Research has shown that children are better able to learn when they are taught in the language that they best understand. It also shows that understanding something in your first language helps with second-language learning, as well as overall academic achievement in both languages.
International and Australian research is now making strong links between recognising and using first language and cultural knowledge, with student identity, wellbeing and education outcomes.
Samantha Disbray is a linguistics researcher at Charles Darwin University and, in a recent article for The Conversation, she wrote about the success of bilingual education in the Northern Territory and the importance of adopting this model more widely.
Nancy Oldfield Napurrurla has been a teacher at Yuendumu school for more than 30 years. Over this time, she has introduced children to school routines, literacy and other skills in a language they understand – Warlpiri. Alongside this, they are also taught English literacy with lessons in oral English from another teacher.
In Nancy’s preschool class, the children sing along in Warlpiri to Marlu Witalpa (Little Kangaroo). It seems to be a simple children’s song about a kangaroo looking for its mother, but with its complex expressions and traditional hand signs, it’s also an effective tool for learning.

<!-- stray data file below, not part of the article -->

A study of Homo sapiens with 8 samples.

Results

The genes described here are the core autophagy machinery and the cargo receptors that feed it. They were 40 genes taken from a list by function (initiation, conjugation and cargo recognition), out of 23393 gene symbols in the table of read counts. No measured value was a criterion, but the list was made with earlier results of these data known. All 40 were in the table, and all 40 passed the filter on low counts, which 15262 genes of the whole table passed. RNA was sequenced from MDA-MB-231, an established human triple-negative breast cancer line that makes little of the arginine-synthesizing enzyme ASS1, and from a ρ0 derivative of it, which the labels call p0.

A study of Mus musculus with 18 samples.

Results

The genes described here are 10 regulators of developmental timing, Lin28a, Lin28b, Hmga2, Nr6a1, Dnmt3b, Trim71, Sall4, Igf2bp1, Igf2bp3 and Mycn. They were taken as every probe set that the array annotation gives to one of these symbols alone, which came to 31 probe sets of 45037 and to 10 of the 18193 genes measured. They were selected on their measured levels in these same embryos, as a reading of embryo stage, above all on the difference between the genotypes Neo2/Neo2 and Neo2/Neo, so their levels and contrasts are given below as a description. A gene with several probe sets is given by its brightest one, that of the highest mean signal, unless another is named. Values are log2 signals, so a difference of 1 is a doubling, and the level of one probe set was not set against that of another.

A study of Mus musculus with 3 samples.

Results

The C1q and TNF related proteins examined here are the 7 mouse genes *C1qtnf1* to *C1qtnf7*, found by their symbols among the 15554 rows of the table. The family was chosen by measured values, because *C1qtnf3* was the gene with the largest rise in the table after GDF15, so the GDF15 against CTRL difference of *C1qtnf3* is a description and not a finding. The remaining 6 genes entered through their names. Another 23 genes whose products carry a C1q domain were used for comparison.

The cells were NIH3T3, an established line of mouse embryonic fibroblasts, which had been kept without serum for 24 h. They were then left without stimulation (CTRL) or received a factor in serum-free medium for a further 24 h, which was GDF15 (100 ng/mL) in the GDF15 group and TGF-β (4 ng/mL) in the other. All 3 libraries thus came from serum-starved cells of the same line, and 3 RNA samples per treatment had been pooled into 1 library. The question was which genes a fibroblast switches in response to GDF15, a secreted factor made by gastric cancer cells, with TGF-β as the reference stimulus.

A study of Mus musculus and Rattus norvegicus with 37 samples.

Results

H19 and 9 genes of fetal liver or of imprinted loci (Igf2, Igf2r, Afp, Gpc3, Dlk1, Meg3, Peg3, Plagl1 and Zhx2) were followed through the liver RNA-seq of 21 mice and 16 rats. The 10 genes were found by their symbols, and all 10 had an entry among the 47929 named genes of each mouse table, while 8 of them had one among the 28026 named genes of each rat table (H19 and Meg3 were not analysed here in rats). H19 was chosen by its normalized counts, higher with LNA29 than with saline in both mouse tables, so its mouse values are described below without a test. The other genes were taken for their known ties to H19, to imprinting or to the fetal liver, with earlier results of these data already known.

Teachers at Yuendumu school and other bilingual schools have been working for many years to successfully blend traditional and contemporary knowledge. Their overarching aim is to give young people the skills they need as bicultural adults in the modern world.
Not enough Aboriginal and Torres Strait Islander teachers
Due to changes in funding, support and policy, there are now fewer qualified Aboriginal and Torres Strait Islander teachers in remote Australia than there were in the 1980s.
Many people, like Nancy, were supported by their school and the government to get professional qualifications and have leadership opportunities.
Today, however, these opportunities are rarely available to people in remote communities.
The Northern Territory Education Department is recognising the importance of teaching Aboriginal languages in schools and is developing policy and curriculum to support that.
The most important need, however, is for schools to gain more teachers from their own communities who speak their own languages. As Disbray writes, this is where we need to invest in Aboriginal and Torres Strait Islander education – in teacher education, professional learning and language education.
You can read Disbray’s full article on The Conversation website.